NCAA: Georgia Tech women's basketball program committed rules violations

An NCAA panel has penalized the Georgia Tech women's basketball program after it says it determined the program committed multiple practice and coach limit violations

Tuesday, the Division I Committee on Infractions hearing panel released its findings on Georgia Tech's basketball program, adding that Tech's former coach violated multiple head coach responsibility rules and a former assistant coach failed to meet his obligation to participate in the investigation.

The panel said over three academic years, the basketball program "routinely required student-athletes to participate in countable athletically related activities that exceeded daily and weekly limits" as well as not providing the student-athletes with required days off from practice.

According to the investigation, student-athletes would get a weekly practice schedule from the director of women's basketball operations. However, on either the day before or day of practices the NCAA says the former assistant coach would tell them the schedule had changed and that they needed to come early. Practices would also go an hour or more longer than scheduled. Because the director of women's basketball operations did not attend practices, the compliance schedules sent to the NCAA did not account for any of these overages.

The overages continued for some players as punishments for small infractions, including one player being required to do unreported morning workouts on multiple weeks because she was late, the NCAA said.

"Women's basketball student-athletes reported that they approved practice logs before they were sent to compliance, even though they knew the logs were incorrect because they feared the head coach would retaliate if they did not," the NCAA said in a statement.

Other infractions cited in the decision include additional athletically related activities during scheduled days off which were tracked by the former head coach, using graduate assistants to exceed the number of allowable countable coaches, and the former head coach's decision to "not promote an atmosphere of compliance because of her personal involvement in the violations and because she did not monitor her staff's involvement."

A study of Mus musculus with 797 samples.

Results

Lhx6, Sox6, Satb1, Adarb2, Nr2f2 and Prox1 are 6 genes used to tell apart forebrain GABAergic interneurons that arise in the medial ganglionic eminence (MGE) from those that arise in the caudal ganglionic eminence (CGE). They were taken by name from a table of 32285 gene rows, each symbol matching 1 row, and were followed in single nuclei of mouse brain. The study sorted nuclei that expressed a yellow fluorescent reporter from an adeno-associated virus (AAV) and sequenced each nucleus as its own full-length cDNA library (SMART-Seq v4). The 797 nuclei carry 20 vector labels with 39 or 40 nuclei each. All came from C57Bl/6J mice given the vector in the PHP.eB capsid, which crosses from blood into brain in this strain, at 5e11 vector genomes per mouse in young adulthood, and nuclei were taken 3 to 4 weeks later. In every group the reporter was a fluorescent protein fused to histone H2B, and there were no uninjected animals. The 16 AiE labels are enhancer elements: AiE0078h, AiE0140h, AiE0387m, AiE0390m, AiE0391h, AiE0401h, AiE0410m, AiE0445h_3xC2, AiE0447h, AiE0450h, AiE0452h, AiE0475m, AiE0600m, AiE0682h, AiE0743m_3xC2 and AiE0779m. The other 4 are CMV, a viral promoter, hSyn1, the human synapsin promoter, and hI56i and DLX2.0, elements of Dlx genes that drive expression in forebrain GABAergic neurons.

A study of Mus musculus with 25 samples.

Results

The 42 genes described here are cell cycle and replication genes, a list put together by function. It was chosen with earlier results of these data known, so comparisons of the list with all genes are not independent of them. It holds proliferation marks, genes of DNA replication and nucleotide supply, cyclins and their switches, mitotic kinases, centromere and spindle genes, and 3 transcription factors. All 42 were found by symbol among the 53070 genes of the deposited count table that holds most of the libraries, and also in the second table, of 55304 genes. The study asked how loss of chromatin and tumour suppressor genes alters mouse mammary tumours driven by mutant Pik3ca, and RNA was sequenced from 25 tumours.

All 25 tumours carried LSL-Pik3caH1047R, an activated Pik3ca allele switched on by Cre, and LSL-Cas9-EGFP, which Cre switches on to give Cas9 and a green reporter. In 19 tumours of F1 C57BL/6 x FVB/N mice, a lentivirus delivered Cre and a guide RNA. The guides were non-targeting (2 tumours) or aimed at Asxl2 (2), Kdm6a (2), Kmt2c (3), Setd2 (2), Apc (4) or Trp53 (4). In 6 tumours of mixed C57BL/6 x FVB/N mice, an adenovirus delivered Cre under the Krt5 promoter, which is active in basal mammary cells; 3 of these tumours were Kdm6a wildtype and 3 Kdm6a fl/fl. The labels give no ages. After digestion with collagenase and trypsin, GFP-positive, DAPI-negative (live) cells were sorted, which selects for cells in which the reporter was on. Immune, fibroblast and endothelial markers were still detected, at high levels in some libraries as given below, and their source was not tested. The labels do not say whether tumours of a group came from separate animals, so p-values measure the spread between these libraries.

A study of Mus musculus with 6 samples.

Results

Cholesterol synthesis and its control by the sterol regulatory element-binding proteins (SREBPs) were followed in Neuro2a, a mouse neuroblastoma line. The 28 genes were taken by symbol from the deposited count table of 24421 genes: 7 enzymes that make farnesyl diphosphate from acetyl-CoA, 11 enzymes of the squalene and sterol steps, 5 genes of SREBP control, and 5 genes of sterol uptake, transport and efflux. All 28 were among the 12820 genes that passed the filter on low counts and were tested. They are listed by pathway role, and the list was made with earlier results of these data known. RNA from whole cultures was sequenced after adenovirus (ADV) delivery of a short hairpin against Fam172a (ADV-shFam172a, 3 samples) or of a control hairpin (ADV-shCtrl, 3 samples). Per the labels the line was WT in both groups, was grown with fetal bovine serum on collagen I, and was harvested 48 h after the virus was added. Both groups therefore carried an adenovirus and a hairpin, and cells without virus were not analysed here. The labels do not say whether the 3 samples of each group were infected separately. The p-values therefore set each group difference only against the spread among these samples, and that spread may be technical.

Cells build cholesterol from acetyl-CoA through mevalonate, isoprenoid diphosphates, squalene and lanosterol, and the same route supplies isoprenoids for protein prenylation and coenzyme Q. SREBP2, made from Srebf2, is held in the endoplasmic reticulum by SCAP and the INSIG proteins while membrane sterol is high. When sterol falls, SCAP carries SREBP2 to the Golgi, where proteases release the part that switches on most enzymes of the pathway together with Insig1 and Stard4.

"Among other considerations, the panel observed that there was a tense and strained relationship between the former head coach and the compliance office, with student-athletes reporting that they were told not to trust or communicate with compliance and the senior woman administrator," the NCAA said.

The panel could not adequately conclude allegations that the former coach gave cash payments to two student-athletes, saying that the information provided with not consistent.

After reviewing the facts, the committee put Georgia Tech on three years probation to run consecutive to a current period of probation the school was already under as well as a $5,000 fine plus 1% of the women's basketball program's budget. The panel also will require Georgia Tech to allow an outside agency to review its athletics department. 

The coach involved is penalized with a one-year show-cause order that includes a suspension from 15% of regular-season contests at any school that decides to employ her in the first season following the order. The assistant coach is penalized with a five-year show-cause order.

While the panel's statement did not name the coach, in 2019 Georgia Tech fired MaChelle Joseph after nearly 16 seasons coaching women's basketball at the university, saying it was left with no choice after an independent investigation into alleged mistreatment of players and staff, as well as possible NCAA violations.

In the report released by a labor law firm hired by the school, investigators found that players reported "concerns regarding alleged emotional or mental mistreatment" by Joseph, and that they described the environment around the team as "toxic" and "hostile," according to Georgia Tech. It also described Joseph’s conduct as "bullying" and "emotionally, mentally and verbally ‘abusive.’"

Lisa Banks, Joseph’s attorney, disputed the report.

"That allegation is false and was expressly refuted by officials close to the team and outside experts," the attorney said. "Coach Joseph is tough but fair."

Banks added that Joseph has "received countless messages from former and current players, parents, and staff expressing their love, admiration, and respect. These messages reveal the truth and will be her legacy."

Joseph, who played at Purdue, joined the Georgia Tech staff in 2001. After two years as an assistant, she took over as head coach when Agnus Berenato moved to Pittsburgh.

Beginning in 2007, Georgia Tech made six straight appearances in the NCAA Tournament. Its best season came in 2011-12, when the Yellow Jackets finished 26-9 overall, 12-4 in the ACC and reached the Sweet 16.